Thursday, March 10, 2011

Inspiration in Particular, Inspiring in General
A blog reader asks, in relation to my lament against a person with a disability being automatically characterized as an inspiration, "Why can't you just be gracious and accept the good will that's being offered to you?"

If the question is directed at me, I can say I do, although admittedly my graciousness consists of a nod and a smile.

If the question is directed at people with disabilities as a class, I think the point is been missed, that point being it demands a standard no one can live up to all the time. It robs the person with a disability the right to a fallible human response to situations encountered.

A writer I admire left a note about the subject on Facebook quoting Dylan Thomas' poem, "A Refusal to Mourn The Death, By Fire, of a Child in London," which she suggests "the idea that as soon as we start eulogizing someone, we start fictionalizing their actual experience of life and actual personality, and co-opting what was once theirs for our own purposes."

With that insight in mind, I suppose the question then becomes Why does someone want to classify a person with a disability as "an inspiration?"

The only way I can understand that thought is to turn it upside down: why do I find certain people inspiring? 
There are hundreds of people and hundreds of reasons from the historic (Abraham Lincoln and Joshua Chamberlain) to people in the news.

With those three penned here from the top of my head, I sense that I am inspired by moral or physical courage. I suppose I am an average sort. Few there are who will argue physical or moral courage is uninspiring. We humans are apparently wired to respect those qualities because we instinctively realize they work for the common good.

But it takes no great degree of moral or physical courage to live using a wheelchair. For me it may only be a bastard marriage between fear (of death) and (genetic) endurance. 

That I use a wheelchair and want to be happy and productive means Nothing (in the Zen concept) and Many Things Not Entirely True (in the subjective emotional perceptions of the observer).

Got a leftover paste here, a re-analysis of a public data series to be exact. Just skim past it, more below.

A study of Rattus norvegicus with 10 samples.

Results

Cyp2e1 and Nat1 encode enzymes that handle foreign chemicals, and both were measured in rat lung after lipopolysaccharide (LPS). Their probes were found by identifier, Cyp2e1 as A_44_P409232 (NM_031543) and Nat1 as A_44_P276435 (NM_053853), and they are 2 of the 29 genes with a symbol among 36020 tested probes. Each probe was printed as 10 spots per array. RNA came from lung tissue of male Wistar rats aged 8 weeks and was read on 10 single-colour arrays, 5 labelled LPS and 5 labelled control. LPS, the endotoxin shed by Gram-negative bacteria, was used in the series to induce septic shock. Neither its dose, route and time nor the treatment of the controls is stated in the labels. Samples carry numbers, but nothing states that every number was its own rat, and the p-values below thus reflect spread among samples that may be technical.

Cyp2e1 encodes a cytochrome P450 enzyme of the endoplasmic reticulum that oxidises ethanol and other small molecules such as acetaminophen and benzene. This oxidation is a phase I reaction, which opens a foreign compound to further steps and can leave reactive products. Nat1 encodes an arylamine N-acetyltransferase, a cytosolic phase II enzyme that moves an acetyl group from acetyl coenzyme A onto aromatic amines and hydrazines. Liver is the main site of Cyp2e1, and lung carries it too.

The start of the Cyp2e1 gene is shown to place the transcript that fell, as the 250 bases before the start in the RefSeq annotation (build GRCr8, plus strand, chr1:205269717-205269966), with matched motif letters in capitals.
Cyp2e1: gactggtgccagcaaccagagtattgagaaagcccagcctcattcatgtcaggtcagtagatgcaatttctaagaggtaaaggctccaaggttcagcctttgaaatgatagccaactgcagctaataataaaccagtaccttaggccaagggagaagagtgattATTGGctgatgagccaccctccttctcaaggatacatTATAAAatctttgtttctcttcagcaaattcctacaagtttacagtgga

And to me: it apparently means I think about it too much.


Glynis Jolly said...

Why are people without disability expected to be so passionately concerned about how what they say is being received by some one who is disabled? Why can't we, people with disability just accept what the able-bodied say at face value? I have been disabled for almost 39 years now. I want to be treated kindly but don't want to be treated as if I'm so breakable. It seems to me that you want able-bodied to treat you exactly the way you want to be treated without them knowing zilch about you.

Gary said...

Let's rephrase the first question as "Why are white people expected to be so passionately concerned about how what they say is being received by African-Americans?"

I don't need to rephrase the second question in the same fashion, do I?

People of goodwill all choose to use language that doesn't denigrate other people.

I have no problem if someone thinks I'm an "inspiration." I cannot tell other people how to think, how to perceive the world.

What I can do is say that thinking me -- or any other person with a disability -- is an "inspiration" simply because we live with a disability is wrong-headed, generally incorrect, and suggests a heroic quality that further propagates the idea that disability cannot be part of the mainstream culture.

Gary said...

Oh, by the way, I visited your blog site, Glynis, and I liked what you're accomplishing there.